Daniel 9 is a linchpin of prophetic teaching.
As I have studied this topic over the years, a particular teaching has garnered favor among believers. I followed that teaching faithfully for most of my pilgrimage.
I would like to offer an alternative viewpoint for a fellow believer to consider.
When I first encountered this viewpoint, I struggled with it. I refused it, then ignored it, then argued with it. But I also believe as Christians, we need to wrestle with the Word.
Sure, we may come away limping, like old Isaac, but as always, encountering the Word produces fruit.
So with that thought let’s continue and read the verse under consideration first.
“Seventy weeks are decreed about your people and your holy city, to finish the transgression, to put an end to sin, and to atone for iniquity, to bring in everlasting righteousness, to seal both vision and prophet, and to anoint a most holy place.
In this post we will start looking at the second couplet.
COUPLET 2 – First Thought
To Atone for Iniquity
The term atone has some wonderful synonyms in the Old Testament. To reconcile or to cover over is the principle thought.
Reconciliation is a great thought, but it takes two. Two parties need to agree with one another, (or better, with the truth) in order for true reconciliation to occur. In the New Testament, the thought of reconciliation is best understood by having two people with their backs together.
The reconciliation that was performed on the cross is one person, that is God, turning around to face the sinner. But the sinner, to complete reconciliation, must turn also for reconciliation to be realized.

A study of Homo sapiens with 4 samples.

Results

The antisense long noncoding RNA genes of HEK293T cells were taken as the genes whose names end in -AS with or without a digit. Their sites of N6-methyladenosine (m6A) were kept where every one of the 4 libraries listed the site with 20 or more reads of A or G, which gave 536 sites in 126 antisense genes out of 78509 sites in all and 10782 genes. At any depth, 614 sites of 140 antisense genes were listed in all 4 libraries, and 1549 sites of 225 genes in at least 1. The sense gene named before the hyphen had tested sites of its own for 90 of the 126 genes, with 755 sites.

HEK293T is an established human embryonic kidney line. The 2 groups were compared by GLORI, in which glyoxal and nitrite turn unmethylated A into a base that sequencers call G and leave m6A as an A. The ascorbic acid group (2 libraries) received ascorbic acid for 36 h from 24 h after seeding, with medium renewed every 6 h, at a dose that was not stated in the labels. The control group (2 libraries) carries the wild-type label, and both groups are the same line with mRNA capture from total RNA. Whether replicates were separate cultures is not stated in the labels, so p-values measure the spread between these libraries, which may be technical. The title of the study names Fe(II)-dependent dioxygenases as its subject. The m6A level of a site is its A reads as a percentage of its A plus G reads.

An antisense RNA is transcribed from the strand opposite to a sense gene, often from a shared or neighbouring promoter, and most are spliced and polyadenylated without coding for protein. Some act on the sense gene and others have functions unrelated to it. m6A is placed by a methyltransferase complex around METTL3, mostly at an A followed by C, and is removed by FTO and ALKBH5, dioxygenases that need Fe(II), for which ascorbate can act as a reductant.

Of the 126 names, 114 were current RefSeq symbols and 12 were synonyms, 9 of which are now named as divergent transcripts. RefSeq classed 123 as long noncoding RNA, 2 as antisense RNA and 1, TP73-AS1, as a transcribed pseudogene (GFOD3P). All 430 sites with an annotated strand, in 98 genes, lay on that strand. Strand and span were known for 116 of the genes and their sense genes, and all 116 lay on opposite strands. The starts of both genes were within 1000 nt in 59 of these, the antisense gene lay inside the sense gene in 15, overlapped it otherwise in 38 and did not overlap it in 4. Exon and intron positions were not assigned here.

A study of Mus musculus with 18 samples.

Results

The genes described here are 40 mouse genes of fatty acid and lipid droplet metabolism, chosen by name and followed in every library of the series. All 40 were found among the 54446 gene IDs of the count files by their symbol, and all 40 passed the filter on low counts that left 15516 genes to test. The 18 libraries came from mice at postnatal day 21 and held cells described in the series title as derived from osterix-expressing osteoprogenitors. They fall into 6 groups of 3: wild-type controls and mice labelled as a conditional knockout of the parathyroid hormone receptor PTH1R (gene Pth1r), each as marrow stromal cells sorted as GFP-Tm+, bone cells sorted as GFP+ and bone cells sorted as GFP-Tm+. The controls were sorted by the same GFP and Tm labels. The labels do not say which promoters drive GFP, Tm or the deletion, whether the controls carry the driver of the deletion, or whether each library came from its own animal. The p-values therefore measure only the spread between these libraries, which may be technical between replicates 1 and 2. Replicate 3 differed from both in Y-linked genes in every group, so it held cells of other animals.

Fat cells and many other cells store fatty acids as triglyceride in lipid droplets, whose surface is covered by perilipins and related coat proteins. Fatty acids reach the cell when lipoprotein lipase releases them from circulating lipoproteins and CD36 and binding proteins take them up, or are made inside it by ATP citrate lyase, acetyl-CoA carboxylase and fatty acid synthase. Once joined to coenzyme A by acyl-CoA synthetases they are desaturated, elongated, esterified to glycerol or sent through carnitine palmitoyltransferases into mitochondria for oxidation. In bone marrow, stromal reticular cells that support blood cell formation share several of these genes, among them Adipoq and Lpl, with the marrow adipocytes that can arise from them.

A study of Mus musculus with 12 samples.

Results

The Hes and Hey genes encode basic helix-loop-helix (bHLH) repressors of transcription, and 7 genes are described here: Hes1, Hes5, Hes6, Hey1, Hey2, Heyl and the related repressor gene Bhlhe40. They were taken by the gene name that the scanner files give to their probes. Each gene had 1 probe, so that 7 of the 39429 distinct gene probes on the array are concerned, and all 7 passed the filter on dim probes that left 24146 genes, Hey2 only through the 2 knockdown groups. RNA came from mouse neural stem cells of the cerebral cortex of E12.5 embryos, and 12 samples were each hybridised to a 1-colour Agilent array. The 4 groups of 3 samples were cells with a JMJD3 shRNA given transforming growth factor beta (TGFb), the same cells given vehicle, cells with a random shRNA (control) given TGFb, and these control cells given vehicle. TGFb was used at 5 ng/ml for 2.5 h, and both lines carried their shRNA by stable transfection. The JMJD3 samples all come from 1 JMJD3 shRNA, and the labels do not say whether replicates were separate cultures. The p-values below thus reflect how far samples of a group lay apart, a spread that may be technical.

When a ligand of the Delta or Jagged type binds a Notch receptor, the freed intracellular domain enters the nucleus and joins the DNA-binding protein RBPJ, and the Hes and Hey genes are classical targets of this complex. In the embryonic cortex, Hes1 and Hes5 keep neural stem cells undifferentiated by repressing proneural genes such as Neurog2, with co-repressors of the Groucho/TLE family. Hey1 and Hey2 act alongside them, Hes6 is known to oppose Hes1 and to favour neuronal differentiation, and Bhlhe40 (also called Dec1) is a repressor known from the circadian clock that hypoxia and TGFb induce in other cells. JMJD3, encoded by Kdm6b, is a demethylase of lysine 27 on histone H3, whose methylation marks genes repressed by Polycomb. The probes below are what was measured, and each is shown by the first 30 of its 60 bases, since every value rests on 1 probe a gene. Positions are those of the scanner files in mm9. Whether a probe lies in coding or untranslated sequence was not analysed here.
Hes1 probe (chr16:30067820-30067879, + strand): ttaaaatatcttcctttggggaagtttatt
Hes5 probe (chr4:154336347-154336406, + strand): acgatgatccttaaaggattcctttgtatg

Remember the purpose of the seventy weeks is to supply these six goals we are trying to understand.
For this post, I will simply refer you to a few New Testament passages. For me, this process (or act) of reconciliation is addressed clearly in the New Testament. I simply ask the reader to consider each New Testament truth in relation to the phrase we are looking at.
Wherefore in all things it behoved him to be made like unto his brethren, that he might be a merciful and faithful high priest in things pertaining to God, to make reconciliation for the sins of the people.
2 Corinthians 5:19
To wit, that God was in Christ, reconciling the world unto himself, not imputing their trespasses unto them; and hath committed unto us the word of reconciliation.
Colossians 1:20 – 22
And, having made peace through the blood of his cross, by him to reconcile all things unto himself; by him, I say, whether they be things in earth, or things in heaven. And you, that were sometime alienated and enemies in your mind by wicked works, yet now hath he reconciled in the body of his flesh through death, to present you holy and unblameable and unreproveable in his sight:
And that he might reconcile both unto God in one body by the cross, having slain the enmity thereby:
I have a difficult time seeing how this phrase could be more fully fulfilled (is that good grammar?) than through the work of Jesus the Messiah, and His death on the cross.
God provided the sacrifice of His Son to reconcile us to Himself, and as a byproduct, to reconcile each of us to each other. What other action could take precedence over that great work, making it insignificant compared to some future action that some may think Daniel is prophesying?
Is this understanding of Daniel 9:24 a viable interpretation that honors Jesus Christ and His work on the cross?
I will leave that to the reader, but it is good to remember that He is the sum and focus of all Scripture!
Thanks again for coming to visit. I hope you found something of interest in this post and would appreciate a comment, to begin a discussion.